The UK public got their first extended trial of the driverless shuttlebus in March. As part of "Project Gateway", around 100 people traveled in a prototype shuttle on a route in Greenwich, London.
The shuttlebuses are autonomous and can be operated with ease; the bus operator can view information about the shuttle, whether it is in motion or stationary. The operator can also look at the amount of battery remaining and the temperature of key components. All of this can be seen from the iPad and an operator can cancel autonomy at the touch of a button, as well as request maintenance.
Oxbotica's chief executive, Dr. Graeme Smith said that the latest news from the company was "truly groundbreaking."
"We are seeking to address some of the most fundamental challenges preventing the future commercial deployment of fully autonomous vehicles," Dr. Smith said.
The consortium of technology and transport companies that will be receiving the funding are Spanish telecommunications company Telefonica, consultancy company Transport Research Lab (TRL), as well as Oxfordshire council and Transport for London.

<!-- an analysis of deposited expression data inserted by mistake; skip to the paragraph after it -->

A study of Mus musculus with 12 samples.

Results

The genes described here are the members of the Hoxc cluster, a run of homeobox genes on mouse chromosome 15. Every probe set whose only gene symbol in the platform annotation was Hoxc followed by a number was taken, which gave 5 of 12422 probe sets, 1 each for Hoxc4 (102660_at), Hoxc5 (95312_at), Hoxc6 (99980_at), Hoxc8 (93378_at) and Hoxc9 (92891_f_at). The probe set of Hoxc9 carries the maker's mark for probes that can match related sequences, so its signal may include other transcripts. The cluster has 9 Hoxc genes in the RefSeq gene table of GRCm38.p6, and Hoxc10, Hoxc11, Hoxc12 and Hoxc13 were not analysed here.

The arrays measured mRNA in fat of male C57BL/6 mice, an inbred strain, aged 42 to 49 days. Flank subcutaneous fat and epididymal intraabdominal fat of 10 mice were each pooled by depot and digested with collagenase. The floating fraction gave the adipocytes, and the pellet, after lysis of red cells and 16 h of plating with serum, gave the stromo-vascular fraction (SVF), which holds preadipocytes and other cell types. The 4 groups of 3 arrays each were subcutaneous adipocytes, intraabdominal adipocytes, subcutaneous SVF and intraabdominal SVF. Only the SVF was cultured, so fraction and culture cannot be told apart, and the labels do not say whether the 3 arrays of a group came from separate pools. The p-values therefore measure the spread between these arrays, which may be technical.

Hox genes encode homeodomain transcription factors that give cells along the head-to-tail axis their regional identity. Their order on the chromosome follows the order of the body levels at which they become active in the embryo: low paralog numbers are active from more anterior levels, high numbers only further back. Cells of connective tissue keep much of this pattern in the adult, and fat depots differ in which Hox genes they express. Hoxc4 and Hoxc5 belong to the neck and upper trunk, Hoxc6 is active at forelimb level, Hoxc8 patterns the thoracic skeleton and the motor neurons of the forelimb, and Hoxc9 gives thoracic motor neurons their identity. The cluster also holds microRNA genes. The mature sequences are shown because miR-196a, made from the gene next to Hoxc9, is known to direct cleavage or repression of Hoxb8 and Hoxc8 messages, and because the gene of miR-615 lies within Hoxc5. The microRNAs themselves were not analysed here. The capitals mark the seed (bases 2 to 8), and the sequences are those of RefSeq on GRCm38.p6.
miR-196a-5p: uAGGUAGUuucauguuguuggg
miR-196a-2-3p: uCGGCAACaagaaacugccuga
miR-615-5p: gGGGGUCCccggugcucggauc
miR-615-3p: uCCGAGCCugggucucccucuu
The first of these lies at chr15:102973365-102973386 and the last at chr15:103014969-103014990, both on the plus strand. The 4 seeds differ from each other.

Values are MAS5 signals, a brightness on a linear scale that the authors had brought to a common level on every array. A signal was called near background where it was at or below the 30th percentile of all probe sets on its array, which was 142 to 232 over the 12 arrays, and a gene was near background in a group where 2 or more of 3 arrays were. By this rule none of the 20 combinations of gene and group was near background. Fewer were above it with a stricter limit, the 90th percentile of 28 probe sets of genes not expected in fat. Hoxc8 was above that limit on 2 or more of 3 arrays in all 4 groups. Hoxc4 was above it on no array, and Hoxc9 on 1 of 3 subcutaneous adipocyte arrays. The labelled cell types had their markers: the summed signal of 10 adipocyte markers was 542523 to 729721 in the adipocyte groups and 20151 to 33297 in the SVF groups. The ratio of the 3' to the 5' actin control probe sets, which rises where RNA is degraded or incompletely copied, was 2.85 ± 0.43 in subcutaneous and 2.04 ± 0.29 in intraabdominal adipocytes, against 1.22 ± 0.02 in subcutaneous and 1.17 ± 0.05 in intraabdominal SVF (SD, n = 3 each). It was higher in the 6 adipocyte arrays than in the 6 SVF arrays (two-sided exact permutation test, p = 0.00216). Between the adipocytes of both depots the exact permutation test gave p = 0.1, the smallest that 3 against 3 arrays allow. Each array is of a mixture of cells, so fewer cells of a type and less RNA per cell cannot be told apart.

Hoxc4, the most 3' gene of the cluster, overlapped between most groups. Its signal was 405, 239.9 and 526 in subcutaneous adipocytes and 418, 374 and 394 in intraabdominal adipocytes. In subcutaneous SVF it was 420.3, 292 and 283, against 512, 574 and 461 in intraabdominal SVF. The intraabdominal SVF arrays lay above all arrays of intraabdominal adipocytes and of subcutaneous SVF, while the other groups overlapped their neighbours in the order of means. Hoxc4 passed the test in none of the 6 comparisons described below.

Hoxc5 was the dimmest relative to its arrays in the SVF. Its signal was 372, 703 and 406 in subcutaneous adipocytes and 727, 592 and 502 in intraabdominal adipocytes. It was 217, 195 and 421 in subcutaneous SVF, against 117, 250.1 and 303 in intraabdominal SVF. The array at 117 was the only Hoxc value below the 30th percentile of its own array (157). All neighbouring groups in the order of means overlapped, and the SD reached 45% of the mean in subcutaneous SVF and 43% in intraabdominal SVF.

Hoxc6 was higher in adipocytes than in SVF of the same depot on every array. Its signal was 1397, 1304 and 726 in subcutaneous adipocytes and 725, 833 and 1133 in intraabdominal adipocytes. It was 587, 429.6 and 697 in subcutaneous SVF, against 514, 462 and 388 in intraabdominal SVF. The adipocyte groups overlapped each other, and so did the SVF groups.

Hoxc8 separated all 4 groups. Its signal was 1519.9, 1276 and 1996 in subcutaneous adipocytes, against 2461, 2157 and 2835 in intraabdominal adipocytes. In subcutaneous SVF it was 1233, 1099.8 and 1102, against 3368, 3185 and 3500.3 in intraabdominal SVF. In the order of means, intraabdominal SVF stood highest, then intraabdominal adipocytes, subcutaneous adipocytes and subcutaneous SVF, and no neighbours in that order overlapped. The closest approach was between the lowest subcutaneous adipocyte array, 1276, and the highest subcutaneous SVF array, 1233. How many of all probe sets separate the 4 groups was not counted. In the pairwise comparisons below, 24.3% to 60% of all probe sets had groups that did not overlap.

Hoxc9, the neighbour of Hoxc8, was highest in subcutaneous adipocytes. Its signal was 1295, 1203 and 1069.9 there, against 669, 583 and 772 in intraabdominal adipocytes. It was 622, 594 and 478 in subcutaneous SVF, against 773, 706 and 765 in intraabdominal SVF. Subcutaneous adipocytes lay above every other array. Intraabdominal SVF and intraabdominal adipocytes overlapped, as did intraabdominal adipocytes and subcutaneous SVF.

The cash will come from the UK government's Industrial Strategy Challenge Fund, which is part of a £2 billion (US$2,6bn) pledge to support state of the art technology in the modern industrial strategy. The fund, which is designed to foster greater collaboration between business, science and technology, hopes to place the UK ahead in the driverless car market.
ADS welcomes Government announcement on Industrial Strategy Challenge Fund support for manufacturing and future materials. pic.twitter.com/n1NqgZAYjr— ADS Group (@ADSgroupUK) April 21, 2017
UK Business minister Greg Clark recently added driverless cars, future materials and satellite and space technologies to the list of sectors to be awarded grants.